By: Blau, Judith R, 1942-.
Contributor(s): Moncada, Alberto, 1930-.
Material type: TextTextPublisher: Boulder : Paradigm Publishers, c2009Description: ix, 205 p. ; 23 cm.ISBN: 9781594516139; 1594516138.Subject(s): Human rights
Contents:
The Logic of Human Rights -- The Human Rights Framework -- In Defense of Society -- Recognition: Culture and Ethics -- Economic Myths, Realities, and Possibilities -- The Equality Project -- Humanitarian Crimes and Human Rights Violations -- Solidarities -- Just the Beginning.
Review: "Achieving human rights is an ongoing struggle - in fact a collective struggle. Even though the progressive realization of human rights for all depends on international, national, and local laws, human rights are realized on the ground, in praxis and reciprocally, which is to say, in deeply democratic communities and societies." "The logic of human rights and the logic of capitalism and profit-making have always been somewhat at odds with one another because self-interest rests somewhat uneasily in the realm of solidarity and collective struggle, but the advent of market fundamentalism in the 1980s put these two logics in dramatic opposition with one another. When Prime Minister Thatcher stated, "there is no such thing as society," what she really meant was societies are obstacles to the operation of unencumbered financial, commodity, labor, and land markets. Since the mid-1980s, the world economy has increasingly been dominated by voracious multinationals that exploit workers and the environment and, with the assistance of international agencies, exploit national and local governments." "As opposed to the logic of profits, the logic of human rights relies on social solidarity, which is to say, collectively working together to promote human rights. The interesting paradox of human rights is that all humans have equal rights and unique rights. That is they have equal rights to freedom, self-determination, economic and social security, democracy, and peace. Yet all humans have equal rights to their own particular identity, personality, faith, and culture. Of course there are also rights that particular groups have, such as the members of a language community or an indigenous group or people with disabilities. Quite simply enacting human rights ensures our inclusive humanness. Quite possibly people did not fully appreciate the significance of this until the age of globalization."--BOOK JACKET.
Books Books Symbiosis School for Liberal Arts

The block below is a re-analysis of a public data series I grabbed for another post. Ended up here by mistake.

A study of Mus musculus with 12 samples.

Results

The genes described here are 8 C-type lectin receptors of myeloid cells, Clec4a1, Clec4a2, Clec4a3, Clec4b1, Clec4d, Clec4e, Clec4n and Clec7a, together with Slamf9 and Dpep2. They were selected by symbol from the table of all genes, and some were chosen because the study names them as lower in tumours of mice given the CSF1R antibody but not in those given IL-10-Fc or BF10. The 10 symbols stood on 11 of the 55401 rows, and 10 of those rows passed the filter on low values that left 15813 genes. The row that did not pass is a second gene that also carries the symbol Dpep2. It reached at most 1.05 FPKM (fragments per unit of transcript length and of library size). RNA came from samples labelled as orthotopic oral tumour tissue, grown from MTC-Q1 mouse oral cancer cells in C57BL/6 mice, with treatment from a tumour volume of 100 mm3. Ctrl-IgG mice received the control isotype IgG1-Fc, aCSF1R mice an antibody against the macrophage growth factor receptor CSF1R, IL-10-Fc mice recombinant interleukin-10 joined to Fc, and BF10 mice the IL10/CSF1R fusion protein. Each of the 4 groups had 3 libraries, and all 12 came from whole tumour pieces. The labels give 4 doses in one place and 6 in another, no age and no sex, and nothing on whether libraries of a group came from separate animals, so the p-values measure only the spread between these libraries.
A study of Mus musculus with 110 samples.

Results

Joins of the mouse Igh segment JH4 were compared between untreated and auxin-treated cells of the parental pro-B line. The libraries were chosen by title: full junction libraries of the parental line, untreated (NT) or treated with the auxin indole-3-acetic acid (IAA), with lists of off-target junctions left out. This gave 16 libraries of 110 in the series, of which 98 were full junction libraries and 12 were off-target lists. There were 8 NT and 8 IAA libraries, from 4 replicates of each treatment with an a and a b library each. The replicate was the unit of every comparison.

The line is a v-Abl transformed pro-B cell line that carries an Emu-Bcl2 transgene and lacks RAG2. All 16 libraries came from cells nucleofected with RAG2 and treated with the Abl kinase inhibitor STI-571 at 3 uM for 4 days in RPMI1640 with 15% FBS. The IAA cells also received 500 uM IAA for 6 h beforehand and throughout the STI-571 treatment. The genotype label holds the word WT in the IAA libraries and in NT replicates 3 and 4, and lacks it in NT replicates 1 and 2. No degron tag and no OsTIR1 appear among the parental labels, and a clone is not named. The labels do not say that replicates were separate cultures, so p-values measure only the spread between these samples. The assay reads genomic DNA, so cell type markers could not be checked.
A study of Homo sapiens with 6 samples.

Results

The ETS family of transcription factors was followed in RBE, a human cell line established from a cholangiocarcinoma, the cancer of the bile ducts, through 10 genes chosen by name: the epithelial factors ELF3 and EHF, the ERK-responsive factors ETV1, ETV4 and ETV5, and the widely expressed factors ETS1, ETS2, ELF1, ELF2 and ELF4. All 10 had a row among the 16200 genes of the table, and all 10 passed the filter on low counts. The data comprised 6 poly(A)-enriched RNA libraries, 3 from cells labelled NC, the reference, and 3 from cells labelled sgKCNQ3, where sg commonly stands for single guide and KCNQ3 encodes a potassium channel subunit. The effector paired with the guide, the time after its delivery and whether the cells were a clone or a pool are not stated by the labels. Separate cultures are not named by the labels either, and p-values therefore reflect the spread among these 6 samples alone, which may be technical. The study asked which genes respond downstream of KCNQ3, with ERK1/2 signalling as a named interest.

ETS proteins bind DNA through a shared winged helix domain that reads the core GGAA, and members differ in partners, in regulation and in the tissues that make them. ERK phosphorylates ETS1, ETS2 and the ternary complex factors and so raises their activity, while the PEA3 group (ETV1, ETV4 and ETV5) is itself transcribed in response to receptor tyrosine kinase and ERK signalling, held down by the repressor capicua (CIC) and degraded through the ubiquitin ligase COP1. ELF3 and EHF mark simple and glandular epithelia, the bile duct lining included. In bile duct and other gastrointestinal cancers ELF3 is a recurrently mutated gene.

323/BLA (Browse shelf) Available SSLA-B-4973

Includes bibliographical references (p. 175-192) and index.

1. The Logic of Human Rights -- 2. The Human Rights Framework -- 3. In Defense of Society -- 4. Recognition: Culture and Ethics -- 5. Economic Myths, Realities, and Possibilities -- 6. The Equality Project -- 7. Humanitarian Crimes and Human Rights Violations -- 8. Solidarities -- 9. Just the Beginning.

"Achieving human rights is an ongoing struggle - in fact a collective struggle. Even though the progressive realization of human rights for all depends on international, national, and local laws, human rights are realized on the ground, in praxis and reciprocally, which is to say, in deeply democratic communities and societies." "The logic of human rights and the logic of capitalism and profit-making have always been somewhat at odds with one another because self-interest rests somewhat uneasily in the realm of solidarity and collective struggle, but the advent of market fundamentalism in the 1980s put these two logics in dramatic opposition with one another. When Prime Minister Thatcher stated, "there is no such thing as society," what she really meant was societies are obstacles to the operation of unencumbered financial, commodity, labor, and land markets. Since the mid-1980s, the world economy has increasingly been dominated by voracious multinationals that exploit workers and the environment and, with the assistance of international agencies, exploit national and local governments." "As opposed to the logic of profits, the logic of human rights relies on social solidarity, which is to say, collectively working together to promote human rights. The interesting paradox of human rights is that all humans have equal rights and unique rights. That is they have equal rights to freedom, self-determination, economic and social security, democracy, and peace. Yet all humans have equal rights to their own particular identity, personality, faith, and culture. Of course there are also rights that particular groups have, such as the members of a language community or an indigenous group or people with disabilities. Quite simply enacting human rights ensures our inclusive humanness. Quite possibly people did not fully appreciate the significance of this until the age of globalization."--BOOK JACKET.